I am reading a book, Lighting Their Fires: Raising Extraordinary Children in a Mixed-up, Muddled-up, Shook-up World, written by an award winning public school teacher, Rafe Esquith. He also wrote Teach Like your Hair’s on Fire, a must for faculty reading.
I find so much wisdom in both of his books. One of his first premises is that parents too often overlook an important concept in raising children: they need to be taught to value time. He writes that “children must understand that a person who appreciates time will be able to do exceptional things with his life.”
He starts with the importance of teaching punctuality as a way of life. It prepares children for all of the future deadlines that they will face: school assignments, applications for college, future job assignments—the list goes on and on. He also notes how often people who have not been taught to be on time disturb the people who have—at the theater, at a professional tennis match, in church, and at airports, among other places. He contemplates how often those who are late take out their frustrations on other people who had nothing to do with their misfortune—of having to wait until the scene ends, the professional tennis players change sides, the prayer reaches “Amen,” or of missing their plane departure and then screaming at the airline employee. Esquith sums it up with these words, “Being on time reflects a belief that we can control our own destiny, and that we are responsible for our actions.”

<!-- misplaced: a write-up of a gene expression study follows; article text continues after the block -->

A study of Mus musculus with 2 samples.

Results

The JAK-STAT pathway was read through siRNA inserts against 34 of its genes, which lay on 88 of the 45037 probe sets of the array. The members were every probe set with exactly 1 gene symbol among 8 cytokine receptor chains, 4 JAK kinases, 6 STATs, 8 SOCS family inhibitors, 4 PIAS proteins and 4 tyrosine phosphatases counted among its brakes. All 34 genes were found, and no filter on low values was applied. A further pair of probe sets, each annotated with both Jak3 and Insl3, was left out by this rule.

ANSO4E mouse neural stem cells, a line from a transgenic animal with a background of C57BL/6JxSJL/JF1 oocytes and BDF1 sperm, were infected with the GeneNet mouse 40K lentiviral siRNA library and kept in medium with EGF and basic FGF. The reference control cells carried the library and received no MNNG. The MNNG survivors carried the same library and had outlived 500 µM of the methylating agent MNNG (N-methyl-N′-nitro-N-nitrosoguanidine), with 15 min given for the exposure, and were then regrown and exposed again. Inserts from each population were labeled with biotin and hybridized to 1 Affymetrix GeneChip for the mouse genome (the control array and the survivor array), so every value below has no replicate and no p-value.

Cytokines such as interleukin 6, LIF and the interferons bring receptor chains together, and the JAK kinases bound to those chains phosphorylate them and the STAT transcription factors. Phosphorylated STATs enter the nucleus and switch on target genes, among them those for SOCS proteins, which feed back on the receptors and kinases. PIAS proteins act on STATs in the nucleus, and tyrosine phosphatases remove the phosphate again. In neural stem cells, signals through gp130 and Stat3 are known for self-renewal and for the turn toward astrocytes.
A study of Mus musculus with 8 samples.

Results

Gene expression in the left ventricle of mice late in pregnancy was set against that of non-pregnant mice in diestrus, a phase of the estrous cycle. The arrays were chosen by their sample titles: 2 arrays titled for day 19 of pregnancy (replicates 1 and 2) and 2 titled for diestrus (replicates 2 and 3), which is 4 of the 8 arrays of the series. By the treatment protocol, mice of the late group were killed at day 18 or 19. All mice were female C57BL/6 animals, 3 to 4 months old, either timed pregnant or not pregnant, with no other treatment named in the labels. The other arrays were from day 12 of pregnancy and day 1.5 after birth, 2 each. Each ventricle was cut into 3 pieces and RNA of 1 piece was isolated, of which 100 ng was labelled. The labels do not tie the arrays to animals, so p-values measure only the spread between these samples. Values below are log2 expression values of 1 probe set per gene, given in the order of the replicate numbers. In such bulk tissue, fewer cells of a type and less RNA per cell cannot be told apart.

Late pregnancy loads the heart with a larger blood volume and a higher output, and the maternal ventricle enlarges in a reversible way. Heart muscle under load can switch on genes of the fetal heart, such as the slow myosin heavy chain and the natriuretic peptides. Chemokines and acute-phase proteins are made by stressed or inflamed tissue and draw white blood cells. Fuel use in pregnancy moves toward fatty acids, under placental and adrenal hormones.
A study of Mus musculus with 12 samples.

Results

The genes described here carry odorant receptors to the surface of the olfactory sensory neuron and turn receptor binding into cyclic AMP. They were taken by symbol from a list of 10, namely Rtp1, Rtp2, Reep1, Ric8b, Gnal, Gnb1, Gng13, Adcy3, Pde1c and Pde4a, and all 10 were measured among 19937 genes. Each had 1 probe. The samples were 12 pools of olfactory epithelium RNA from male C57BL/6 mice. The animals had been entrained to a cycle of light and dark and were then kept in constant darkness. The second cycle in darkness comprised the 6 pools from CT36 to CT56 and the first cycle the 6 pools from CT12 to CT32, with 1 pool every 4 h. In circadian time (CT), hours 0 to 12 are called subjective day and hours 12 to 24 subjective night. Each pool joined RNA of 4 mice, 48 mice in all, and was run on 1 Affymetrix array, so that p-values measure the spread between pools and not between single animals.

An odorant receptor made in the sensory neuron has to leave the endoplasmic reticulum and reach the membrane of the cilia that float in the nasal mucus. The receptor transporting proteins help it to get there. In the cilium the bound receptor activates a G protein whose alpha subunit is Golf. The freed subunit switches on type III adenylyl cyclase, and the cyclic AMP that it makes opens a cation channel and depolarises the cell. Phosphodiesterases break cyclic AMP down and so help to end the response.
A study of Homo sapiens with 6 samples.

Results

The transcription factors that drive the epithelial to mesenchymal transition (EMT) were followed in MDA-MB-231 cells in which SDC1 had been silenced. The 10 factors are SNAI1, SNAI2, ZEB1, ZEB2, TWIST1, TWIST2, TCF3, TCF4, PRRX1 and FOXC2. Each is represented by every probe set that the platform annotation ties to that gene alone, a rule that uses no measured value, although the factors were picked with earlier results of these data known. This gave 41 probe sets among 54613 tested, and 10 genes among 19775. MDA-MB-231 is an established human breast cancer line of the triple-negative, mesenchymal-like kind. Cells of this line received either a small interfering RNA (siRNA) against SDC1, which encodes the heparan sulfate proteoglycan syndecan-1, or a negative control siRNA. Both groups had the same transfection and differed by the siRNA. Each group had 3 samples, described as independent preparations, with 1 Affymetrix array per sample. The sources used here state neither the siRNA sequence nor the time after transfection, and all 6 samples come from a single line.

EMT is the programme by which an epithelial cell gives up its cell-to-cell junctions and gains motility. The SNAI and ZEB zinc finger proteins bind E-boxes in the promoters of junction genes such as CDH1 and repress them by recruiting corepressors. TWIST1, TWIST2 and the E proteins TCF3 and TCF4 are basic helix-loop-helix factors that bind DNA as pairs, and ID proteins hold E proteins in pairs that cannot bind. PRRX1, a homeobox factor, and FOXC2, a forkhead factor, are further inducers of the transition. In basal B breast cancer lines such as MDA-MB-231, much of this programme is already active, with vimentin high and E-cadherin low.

Our Episcopal school leaders and teachers struggle with the lack of punctuality of many school families. Often the parents’ attitude is, “What’s the big deal? He’s only in kindergarten” (or 3rd grade or whatever). I agree with Esquith that life-long habits begin at a young age, and the value of time, and being on time, should be learned in childhood. Instead of mocking school rules about timeliness, parents need to become partners with us in helping their children grow into people who “will be able to do exceptional things with their lives.”
Episcopal school mission and value statements center upon the concept of respect: for oneself, for others, and for God. Being on time reflects a fundamental respect for the other person whether it is the priest who leads the service, the actor who has studied and prepared his part, or the teacher who leads students in the daily rituals of the opening of the school day.
In your school, is the lack of punctuality by families one of your frustrations? What are the ways you handle this issue? I welcome your thoughts.